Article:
In addition Lister will use the funds for setting up collection centres and for building a 12,000 sq ft laboratory in Chennai that will house all the testing facilities, including an imaging facility. ''Patients need not climb up floors to get tests done as everything will be located on the ground floor,'' says Dr Srinivasan.
Dr Srinivasan says, ''We will consolidate and expand our activities in corporate and insurance sectors and establish a clinical research unit to support the activities in the field of medical and pharmaceutical research.'' The Metropolis strategy is to have Lister as a hub diagnostic centre for the southern region with lot of small labs set up in other places.
According to Shah the diagnostic lab sector is densely populated with small diagnostic laboratories and soon it will get organised. Driving that will be the health insurance companies.
''We are in the same situation that America was two decades ago.'' Diagnostic laboratories are of three kinds - hospital owned/managed, referral laboratories and private labs. According to Shah, it is the last type that will experience consolidation.
''Twenty years ago the US had around 20,000 diagnostic laboratories. As medicare costs went up and health insurance gained acceptance with the public, insurers perforce had to tie up with top hospitals/pathological laboratories to lure policyholders and to take control over their ultimate claim payout. This ultimately resulted in consolidation and today there are around six major pathological laboratory chains,'' he reasons. Further, for the insurers, it became easier to bill one chain rather than deal with several labs.
Declaring that he is on the lookout for good buys in other regions Shah adds, ''We don't acquire for the sake of acquisition. The strategy is to have four major laboratories in the four regions and have several tertiary labs.'' The tertiary labs will do the normal routine tests and will be franchisee owned.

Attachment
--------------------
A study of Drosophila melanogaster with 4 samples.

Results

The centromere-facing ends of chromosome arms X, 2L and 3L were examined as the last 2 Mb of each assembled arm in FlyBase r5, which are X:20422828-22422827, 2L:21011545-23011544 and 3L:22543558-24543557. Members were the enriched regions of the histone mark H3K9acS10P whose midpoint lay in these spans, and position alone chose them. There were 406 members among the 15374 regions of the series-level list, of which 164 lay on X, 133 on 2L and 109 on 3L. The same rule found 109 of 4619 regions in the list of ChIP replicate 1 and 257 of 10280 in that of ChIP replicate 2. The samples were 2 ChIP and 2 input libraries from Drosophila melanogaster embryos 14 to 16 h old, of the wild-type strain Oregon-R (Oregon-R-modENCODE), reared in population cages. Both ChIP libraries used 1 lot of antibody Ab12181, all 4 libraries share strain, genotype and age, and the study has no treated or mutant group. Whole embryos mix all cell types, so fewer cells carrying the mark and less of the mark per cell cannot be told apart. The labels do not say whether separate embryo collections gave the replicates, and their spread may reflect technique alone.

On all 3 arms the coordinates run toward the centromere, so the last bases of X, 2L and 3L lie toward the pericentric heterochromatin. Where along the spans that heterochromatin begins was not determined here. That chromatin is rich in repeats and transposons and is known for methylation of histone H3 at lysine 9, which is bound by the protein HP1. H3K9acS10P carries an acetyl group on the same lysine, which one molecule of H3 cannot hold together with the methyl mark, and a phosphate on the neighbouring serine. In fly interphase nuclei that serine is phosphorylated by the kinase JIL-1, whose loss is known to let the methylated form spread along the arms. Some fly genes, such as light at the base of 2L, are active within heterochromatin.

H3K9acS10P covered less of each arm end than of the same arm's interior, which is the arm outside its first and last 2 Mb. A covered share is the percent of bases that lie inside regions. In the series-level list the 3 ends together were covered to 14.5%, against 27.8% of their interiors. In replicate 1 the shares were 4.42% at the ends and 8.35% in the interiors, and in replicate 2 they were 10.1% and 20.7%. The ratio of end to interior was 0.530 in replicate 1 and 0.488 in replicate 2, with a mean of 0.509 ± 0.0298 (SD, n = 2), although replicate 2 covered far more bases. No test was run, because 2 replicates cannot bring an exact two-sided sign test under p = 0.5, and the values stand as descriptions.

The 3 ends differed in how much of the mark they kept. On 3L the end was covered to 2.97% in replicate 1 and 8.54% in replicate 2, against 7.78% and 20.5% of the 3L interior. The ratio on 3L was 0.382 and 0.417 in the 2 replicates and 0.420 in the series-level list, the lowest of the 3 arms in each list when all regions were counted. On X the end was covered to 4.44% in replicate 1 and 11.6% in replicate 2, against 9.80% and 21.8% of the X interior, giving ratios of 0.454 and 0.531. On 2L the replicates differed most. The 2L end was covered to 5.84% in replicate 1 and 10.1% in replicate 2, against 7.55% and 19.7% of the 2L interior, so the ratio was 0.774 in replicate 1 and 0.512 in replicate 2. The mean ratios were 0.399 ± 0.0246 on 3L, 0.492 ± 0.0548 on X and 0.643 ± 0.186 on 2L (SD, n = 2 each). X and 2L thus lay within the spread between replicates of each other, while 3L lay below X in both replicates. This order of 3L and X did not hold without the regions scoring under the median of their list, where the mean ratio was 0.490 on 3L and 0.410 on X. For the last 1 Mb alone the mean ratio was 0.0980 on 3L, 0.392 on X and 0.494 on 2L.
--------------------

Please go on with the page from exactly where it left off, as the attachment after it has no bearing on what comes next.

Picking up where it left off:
''Metropolis has different franchisee modules and entrepreneurs can break even in one year.''
While this is on the retail side, Metropolis intends to expand its hospital lab market. Currently Metropolis runs pathological labs in two hospitals - Malar Hospital, Chennai and one in Dubai.
For hospitals a laboratory is a profit centre. But it is also a problem area as nearly 40 per cent of the hospital inventory is for the pathological lab and the chances of pilferage are high. It is here that patient/customer dissatisfaction can bring disrepute to the hospital. Hospitals will not establish a particular testing facility when they find it cheaper to outsource. Hence some hospitals outsource the entire or part of the diagnostic services in exchange for a share in the overall income of the lab.
The other major players in this field are Ranbaxy Laboratories and Raptakoss Brett Diagnostic Laboratories - both headquartered in Mumbai, Dr Lal's Laboratory, New Delhi, Ehrlich Laboratory and Lister, based in Chennai.
When queried about the varied rates charged by different labs and hospitals for a test given the similarity in services and test results Srinivasan responds, ''The rate difference arises due to variety of reasons like cost of the equipment, volume of tests done at the lab and the testing kits.''
However he agreed that many doctors demand kickbacks from laboratories for referring patients for tests.
Diagnostic services aside, Metropolis, according to managing director G S K Velu will actively look at the pharmaceutical companies that do clinical trials and bio-availability studies.